WASHINGTON (Dispatches) -- The U.S. Treasury has announced new sanctions against individuals and corporate entities in Iran and China for allegedly assisting Iran’s ballistic missile program.
In a statement, the Treasury’s Office of Foreign Assets Control (OFAC) said it has "designated two senior Iranian defense officials, including a defense official who facilitated the sale of explosives and provided other support to Syria and the director of the organization responsible for Iran’s solid-fueled ballistic missile program” as targets for sanctions.
Those officials are Morteza Farasatpour, a senior Iranian defense official, and Rahim Ahmadi, a senior official with Iran’s Shahid Bakeri Industries Group (SBIG).
Also designated for sanctions were a Chinese national and three Chinese companies.
Finally, Iran-based Matin Sanat Nik Andishan, a company that has provided materials useful to Iran’s liquid-fueled ballistic missile program, was listed for sanctions.
Even as the new sanctions were announced, the Trump administration "notified Congress that it’s continuing to waive sanctions, including restrictions on oil sales, that were eased under the 2015 deal between world powers and Iran based on an April finding that "Iran is complying with its side of the deal.”
Iran promptly attacked the new sanctions as a violation of the nuclear deal, calling the measures "unacceptable and contrary to the tenets of the international law.”
"Iran condemns the U.S. administration’s ill will in its effort to reduce the positive results of the country’s implementation of JCPOA commitments by adding individuals to the list of unilateral and illegal extraterritorial sanctions,” Foreign Ministry spokesman Bahram Qassemi said in a statement.
Qassemi said Iran had added "nine U.S. individuals and corporations” to its list of sanctions for their "confirmed role in blatant human rights violations.”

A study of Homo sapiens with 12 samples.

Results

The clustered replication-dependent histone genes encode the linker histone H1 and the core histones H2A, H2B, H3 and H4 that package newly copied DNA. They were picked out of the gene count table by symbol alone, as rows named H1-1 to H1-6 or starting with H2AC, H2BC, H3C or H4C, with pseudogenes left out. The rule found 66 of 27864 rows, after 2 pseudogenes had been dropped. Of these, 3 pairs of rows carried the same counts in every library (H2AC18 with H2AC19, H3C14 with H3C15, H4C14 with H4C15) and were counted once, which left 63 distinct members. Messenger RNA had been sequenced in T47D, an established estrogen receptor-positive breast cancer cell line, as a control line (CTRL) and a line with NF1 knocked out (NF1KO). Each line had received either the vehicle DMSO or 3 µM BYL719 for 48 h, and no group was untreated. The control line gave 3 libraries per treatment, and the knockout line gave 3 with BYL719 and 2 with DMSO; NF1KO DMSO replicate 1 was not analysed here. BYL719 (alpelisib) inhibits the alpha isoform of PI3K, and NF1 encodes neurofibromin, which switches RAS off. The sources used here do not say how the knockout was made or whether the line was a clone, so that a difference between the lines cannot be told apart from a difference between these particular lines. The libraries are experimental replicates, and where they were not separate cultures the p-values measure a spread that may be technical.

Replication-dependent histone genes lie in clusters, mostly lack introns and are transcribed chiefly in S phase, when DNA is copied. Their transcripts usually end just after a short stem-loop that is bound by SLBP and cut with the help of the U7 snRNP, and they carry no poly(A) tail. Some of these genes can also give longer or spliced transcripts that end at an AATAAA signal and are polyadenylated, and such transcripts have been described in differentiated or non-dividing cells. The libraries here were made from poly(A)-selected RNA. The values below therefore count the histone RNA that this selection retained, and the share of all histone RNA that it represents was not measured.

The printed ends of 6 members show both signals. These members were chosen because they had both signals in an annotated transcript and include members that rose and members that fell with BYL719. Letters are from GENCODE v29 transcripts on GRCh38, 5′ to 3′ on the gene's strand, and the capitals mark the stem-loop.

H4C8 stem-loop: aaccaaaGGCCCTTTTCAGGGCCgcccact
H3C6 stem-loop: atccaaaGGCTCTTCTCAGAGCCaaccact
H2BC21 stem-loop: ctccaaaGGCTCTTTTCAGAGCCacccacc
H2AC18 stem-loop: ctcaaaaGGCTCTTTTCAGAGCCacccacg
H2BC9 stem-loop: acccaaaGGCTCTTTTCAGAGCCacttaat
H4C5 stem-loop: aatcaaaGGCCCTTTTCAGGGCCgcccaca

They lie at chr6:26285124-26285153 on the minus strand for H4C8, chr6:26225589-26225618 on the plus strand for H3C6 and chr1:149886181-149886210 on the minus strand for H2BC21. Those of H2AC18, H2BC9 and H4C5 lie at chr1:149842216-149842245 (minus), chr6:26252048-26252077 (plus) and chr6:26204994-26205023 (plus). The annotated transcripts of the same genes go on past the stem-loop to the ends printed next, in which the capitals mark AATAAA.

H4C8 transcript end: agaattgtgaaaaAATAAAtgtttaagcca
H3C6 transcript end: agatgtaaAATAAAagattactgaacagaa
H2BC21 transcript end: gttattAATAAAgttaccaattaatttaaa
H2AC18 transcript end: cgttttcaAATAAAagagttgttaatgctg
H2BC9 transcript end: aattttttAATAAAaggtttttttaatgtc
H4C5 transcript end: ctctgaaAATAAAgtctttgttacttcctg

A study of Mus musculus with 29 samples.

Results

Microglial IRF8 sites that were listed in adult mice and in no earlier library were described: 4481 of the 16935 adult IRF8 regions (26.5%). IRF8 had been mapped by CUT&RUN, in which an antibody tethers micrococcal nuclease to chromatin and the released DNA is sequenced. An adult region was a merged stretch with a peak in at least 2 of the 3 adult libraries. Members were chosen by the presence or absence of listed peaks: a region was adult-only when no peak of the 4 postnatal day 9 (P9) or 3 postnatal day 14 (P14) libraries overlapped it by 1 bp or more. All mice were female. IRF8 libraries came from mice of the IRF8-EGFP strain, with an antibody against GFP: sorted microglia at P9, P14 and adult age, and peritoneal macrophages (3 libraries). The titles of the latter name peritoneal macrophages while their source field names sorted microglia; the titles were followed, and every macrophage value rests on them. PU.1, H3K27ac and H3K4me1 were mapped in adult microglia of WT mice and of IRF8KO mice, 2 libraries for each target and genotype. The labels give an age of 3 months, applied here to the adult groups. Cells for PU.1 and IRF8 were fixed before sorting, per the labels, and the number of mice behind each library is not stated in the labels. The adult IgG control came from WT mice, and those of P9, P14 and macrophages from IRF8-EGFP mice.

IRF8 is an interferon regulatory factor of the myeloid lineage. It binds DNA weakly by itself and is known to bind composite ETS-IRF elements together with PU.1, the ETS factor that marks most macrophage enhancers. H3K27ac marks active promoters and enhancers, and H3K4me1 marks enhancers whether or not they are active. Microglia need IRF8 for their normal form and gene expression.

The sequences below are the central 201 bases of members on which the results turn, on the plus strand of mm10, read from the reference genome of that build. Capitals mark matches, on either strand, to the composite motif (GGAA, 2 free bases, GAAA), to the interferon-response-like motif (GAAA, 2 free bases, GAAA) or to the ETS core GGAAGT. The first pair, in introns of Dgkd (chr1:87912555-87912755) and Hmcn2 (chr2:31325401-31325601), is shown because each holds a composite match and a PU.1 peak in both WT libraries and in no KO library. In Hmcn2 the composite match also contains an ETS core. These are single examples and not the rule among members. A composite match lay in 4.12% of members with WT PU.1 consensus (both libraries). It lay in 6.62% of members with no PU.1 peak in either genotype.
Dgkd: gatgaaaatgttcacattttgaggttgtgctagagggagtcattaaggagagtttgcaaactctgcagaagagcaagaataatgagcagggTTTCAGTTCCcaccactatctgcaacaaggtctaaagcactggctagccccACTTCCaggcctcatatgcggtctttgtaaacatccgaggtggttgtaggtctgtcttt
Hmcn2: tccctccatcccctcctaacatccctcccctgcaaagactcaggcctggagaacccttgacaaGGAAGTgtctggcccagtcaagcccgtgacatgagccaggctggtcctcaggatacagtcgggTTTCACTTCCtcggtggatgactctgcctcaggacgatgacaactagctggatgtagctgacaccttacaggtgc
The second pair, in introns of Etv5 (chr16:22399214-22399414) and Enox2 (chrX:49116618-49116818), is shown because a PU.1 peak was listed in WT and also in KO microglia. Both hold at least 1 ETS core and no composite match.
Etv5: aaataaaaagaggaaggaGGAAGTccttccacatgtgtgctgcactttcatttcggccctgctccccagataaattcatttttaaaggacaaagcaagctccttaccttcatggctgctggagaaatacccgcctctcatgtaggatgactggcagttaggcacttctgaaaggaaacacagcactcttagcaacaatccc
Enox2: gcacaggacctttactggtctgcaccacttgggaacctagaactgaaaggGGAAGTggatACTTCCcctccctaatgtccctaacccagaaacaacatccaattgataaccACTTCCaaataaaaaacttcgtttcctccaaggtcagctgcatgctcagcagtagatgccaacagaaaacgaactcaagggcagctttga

The banned U.S. firms and individuals have directly and indirectly cooperated with Israel in its "crimes against humanity in the occupied Palestinian territories” or in the occupying regime’s "terrorist acts,” according to the statement.
They have also supported Takfiri terrorism and crackdown on the popular movements in the Middle East or have had effective participation in actions against Iran’s national security, it added.
The statement further said an updated version of the blacklist would be released after going through legal proceedings and being approved by relevant officials.
Reaction to the new U.S. sanctions, Defense Minister Hussein Dehqan said Iran will spare no effort in meeting its national security needs, and will not allow any party to intervene in the imperative.
Dehqan said this was not the first time that Washington displays its enmity towards Iran’s Islamic Revolution, Islamic establishment and capabilities.
The sanctions were the second of their kind since U.S. President Donald Trump came to power in January.
Dehqan said Iran’s missile activities are obvious. "We do what we consider to be in our best interest.”
China also lodged a complaint with the United States. Chinese Foreign Ministry spokeswoman Hua Chunying said Beijing followed local rules and regulations and closely adhered to its responsibilities to the international community.
Beijing "is opposed to the blind use of unilateral sanctions particularly when it damages the interests of third parties. I think the sanctions are unhelpful in enhancing mutual trust and unhelpful for international efforts on this issue," she said.